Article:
I am writing for assistance in applying for the Notch Settlement on behalf of my widowed mother who has been a supporter of this cause for several years.
Recently we received the following from one of our readers:
I am writing for assistance in applying for the Notch Settlement on behalf of my widowed mother who has been a supporter of this cause for several years. She currently draws my deceased father's Social Security since it is greater than what she would receive under her own amounts paid in. My father was born on Sept. 16, 1926, which would qualify her to receive the settlement of $5,000. She also has an acquaintance who was in this same situation and she was able to obtain the $5,000 in full under her husband's benefits and he was also born in 1926. We have made several attempts to contact Social Security and they simply will not respond to her request. Is there any assistance you may lend to resolve this issue?
It sounds as though either your mother, or her acquaintance, received some incorrect information. “The Notch Fairness Act,” legislation that would provide Notch Babies born 1917 through 1926 with a settlement of $5,000, or a higher monthly benefit, has not yet passed. No doubt that’s why the Social Security Administration did not respond to your mother’s request. It is correct that widows or widowers receiving benefits on the account of a Notch Baby would be entitled to the $5,000, or the higher monthly benefit if the legislation is enacted.
Be wary of the information from this acquaintance, and any claim that she has obtained the $5,000. While it may be a simple misunderstanding, be careful of scams. Make sure your mom knows she should never give out her Social Security number over the phone to anyone or to anyone you meet who says that it’s required in order to receive the $5,000 settlement.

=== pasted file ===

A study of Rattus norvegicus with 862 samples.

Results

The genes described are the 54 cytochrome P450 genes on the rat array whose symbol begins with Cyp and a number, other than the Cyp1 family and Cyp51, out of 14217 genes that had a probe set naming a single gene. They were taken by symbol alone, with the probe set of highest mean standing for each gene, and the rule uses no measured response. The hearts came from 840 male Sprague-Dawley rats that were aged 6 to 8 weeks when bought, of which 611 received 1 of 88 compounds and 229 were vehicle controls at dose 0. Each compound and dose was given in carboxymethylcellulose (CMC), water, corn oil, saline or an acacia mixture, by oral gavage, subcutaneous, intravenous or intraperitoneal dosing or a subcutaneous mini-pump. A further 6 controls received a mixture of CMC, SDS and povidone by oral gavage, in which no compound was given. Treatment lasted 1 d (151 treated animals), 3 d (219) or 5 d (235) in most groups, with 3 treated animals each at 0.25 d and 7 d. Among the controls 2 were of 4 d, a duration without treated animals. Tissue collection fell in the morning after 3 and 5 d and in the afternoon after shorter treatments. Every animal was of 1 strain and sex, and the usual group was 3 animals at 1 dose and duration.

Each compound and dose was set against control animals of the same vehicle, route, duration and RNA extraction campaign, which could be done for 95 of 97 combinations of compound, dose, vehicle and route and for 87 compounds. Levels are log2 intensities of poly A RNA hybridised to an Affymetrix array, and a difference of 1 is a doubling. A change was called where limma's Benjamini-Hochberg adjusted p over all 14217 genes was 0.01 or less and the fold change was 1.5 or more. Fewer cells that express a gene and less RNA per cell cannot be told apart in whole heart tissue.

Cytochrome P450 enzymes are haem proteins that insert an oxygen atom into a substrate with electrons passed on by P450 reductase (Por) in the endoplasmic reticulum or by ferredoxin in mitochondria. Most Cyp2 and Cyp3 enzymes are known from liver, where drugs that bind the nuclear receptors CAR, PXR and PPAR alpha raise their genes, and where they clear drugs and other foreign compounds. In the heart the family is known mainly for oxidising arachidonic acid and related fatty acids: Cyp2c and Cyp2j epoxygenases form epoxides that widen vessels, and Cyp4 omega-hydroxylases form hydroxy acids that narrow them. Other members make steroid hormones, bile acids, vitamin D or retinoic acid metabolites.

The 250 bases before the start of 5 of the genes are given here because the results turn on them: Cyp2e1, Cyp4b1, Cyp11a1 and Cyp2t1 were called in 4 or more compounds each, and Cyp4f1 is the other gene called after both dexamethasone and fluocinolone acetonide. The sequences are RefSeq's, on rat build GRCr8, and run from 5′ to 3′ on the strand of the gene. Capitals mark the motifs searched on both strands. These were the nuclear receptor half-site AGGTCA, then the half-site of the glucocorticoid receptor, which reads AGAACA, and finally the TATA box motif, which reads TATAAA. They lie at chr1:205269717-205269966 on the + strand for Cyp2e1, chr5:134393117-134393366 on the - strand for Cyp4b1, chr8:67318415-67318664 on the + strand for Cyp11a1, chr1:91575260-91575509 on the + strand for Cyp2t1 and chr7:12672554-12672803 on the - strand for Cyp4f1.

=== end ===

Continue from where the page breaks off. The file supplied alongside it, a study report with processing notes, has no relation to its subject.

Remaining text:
TSCL is continuing to meet with Members of Congress to ask for their support and passage of “The Notch Fairness Act” which was recently re-introduced in the U.S. House by Representative Mike McIntyre (D-NC), and in the Senate by Senator David Vitter (R-LA). The legislation, seeks to correct a disparity in benefits caused the last time Congress overhauled the Social Security benefit formula in 1977.
Just as today, in 1977 the federal budget was in deficit, and Social Security was facing a funding crisis. The new benefit formula changes first affected seniors who turned 62 in 1979 just two years later. Seniors born from 1917 through 1926 wound up receiving lower benefits than other retirees with almost identical work and earnings records. Although reductions of about 10 percent for average earners were expected at the time of the changes, Notch babies were often affected by disparities of 20 percent or more, because a phase-in benefit formula failed.
In 1988, a report by the former U. S. General Accounting Office, now the Government Accountability Office (GAO), cited an example of two sisters who started working at the same book bindery, on the same day, in October 1957. Audrey was born in March 1916, and Edith in June of 1917. The two had almost identical lifetime earnings. The younger sister Edith (born 1917) received a monthly benefit of $512.60, $111.80 less than her older sister Audrey (born 1916), who received $624.40 per month.
According to studies performed for TSCL, many Notch Babies, particularly those who rely on Social Security for most, if not all, of their income, are at risk for living near or below the federal poverty level. For example, Notch Babies who retired in 1984 at age 65 with average benefits of $460 per month, would receive about $11,839 this year. In the 48 contiguous states and Washington DC, that’s only 8% above the federal poverty guidelines and qualifies for various assistance programs.
Support for Notch Reform legislation has grown significantly, nearly doubling over the previous six Congressional sessions in which it’s been introduced. TSCL is encouraging seniors and their younger family members like you to contact your Members of Congress and urge them to co-sponsor and pass “The Notch Fairness Act, ” H.R. 1001 and S. 118!